Professional Development: Don’t Neglect Yourself!

By Tanya Kett.

As career practitioners, it’s vital that we take the time to keep updated on industry trends, the status of the labour market, available training courses, and other leading-edge resources, but our busy schedules often get in the way, making it tough to prioritize our own professional development.

It’s key to stay on top of trends so that we can demonstrate to our clients that we “walk the talk.” After all, don’t we regularly encourage and coach our clients to keep their own knowledge and skills current?

Focus on you for a change! Ask yourself when your downtime is (and I know many will say “What downtime?”). Seriously, though, carve out some time to reflect and think about your professional development or business goals. The next step, of course, is to make those development plans a reality.

For me, the summer months are a slower work period. I include reminders  and to-do lists in my calendar to revisit websites, videos, and articles that I have saved over the last few months. I take advantage of this downtime to focus my attention on these resources and determine if there is anything new I can incorporate into the career development sessions and workshops that I conduct.

Some of my favourite sources of information are the CPC “Career Connections” newsletter, CERIC newsletter, and labour market information websites (local, provincial and federal). Another useful federal government link I came across is the Canadian Occupational Projection System (COPS), which includes a wealth of labour market information projected out to 2026.

Topics that I’m actively researching this summer include: diversity, equity, and inclusion hiring practices, skills employers look for, assessment tools, the gig economy, and social media hiring practices.

Besides updating information in the materials you share with clients, use your downtime to plan for your own professional development. Are there any new training programs that interest you? Some ideas might be to enrol in any of the CPC certification courses such as the Certified Resume Strategist (CRS), Certified Interview Strategist (CIS), Certified Employment Strategist (CES), or Certified Career Strategist (CCS). Other CPC courses, such as Technology Optimized Résumés, Career Development Ethics & Standards, or Career Development Theory, Models & Practices are ideal choices if you’d like to expand your skill set. Another thought might be to become certified as an administrator of an assessment tool such as MBTI.

Outside of the realm of career development, there are plenty of other relevant learning opportunities. Free online courses on social media, web design, or web analytics would provide useful skills, readily transferable to a career professional’s practice.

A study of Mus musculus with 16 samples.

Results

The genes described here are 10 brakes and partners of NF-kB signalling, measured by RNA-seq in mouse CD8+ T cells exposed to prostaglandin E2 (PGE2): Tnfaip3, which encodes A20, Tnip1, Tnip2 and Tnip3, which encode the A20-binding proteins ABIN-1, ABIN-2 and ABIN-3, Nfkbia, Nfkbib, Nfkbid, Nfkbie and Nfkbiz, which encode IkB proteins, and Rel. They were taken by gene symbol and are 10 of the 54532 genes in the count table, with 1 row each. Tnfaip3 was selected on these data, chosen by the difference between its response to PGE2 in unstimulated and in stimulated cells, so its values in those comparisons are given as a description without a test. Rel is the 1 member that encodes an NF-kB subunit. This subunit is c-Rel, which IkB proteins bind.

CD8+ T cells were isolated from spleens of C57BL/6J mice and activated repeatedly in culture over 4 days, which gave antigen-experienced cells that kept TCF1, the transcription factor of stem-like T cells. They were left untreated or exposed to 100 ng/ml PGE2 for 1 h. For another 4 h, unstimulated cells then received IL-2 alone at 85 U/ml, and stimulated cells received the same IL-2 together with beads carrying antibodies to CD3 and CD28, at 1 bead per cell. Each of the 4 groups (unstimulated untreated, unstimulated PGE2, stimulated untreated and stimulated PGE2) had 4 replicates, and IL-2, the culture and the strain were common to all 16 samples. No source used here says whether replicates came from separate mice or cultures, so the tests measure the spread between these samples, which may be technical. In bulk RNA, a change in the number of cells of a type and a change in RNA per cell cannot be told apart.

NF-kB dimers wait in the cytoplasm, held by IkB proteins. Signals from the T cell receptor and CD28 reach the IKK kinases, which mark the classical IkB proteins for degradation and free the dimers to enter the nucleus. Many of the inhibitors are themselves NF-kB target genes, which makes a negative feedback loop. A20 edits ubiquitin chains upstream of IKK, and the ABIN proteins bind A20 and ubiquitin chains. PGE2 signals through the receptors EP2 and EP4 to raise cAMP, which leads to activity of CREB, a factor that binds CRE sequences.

Don’t forget about books! I love opening a new book, anticipating the knowledge it will bring me. There are so many books I like that it’s hard to choose a favorite. I really enjoyed a recent article by CPC member Stephanie Clark about the top five books that have informed her work. One of the books I have on my desk right now is Designing Your Life by Bill Burnett and Dave Evans, which includes reflection activities useful for both clients and career development practitioners.

Write your development goals down and put a timeline on them. If nothing else, carve out bits of time to do research so that you are confident you’re on top of trends, whether that research is done daily, weekly, monthly, or periodically throughout the year. Put your plans in your calendar to hold yourself accountable.

Better yet, I’d like to set a challenge for all CPC members. Choose a topic you’re going to learn more about and then write an article about it. Share your new knowledge and insights with other career development professionals by having your article featured in CPC’s Career Connections eNewsletter. Let’s help each other stay accountable to continuous learning!

Photo by Ben White on Unsplash

 

Comments

  1. What a jam-packed article full of rich resources and a great reminder to take care of our own professional development. I love the challenge you’ve issued, Tanya. Here’s my goal. I’m going to learn more about career development for elementary school-aged children and send an article in for the CPC newsletter before the end of 2018. Thanks for the push!

    • Thanks for your kind words Maureen, glad it has given you some inspiration to set new goals. Career practitioners need to model behaviour for our clients, our actions speak louder than words. It helps to build rapport too, demonstrating that we are always in development, just like our clients.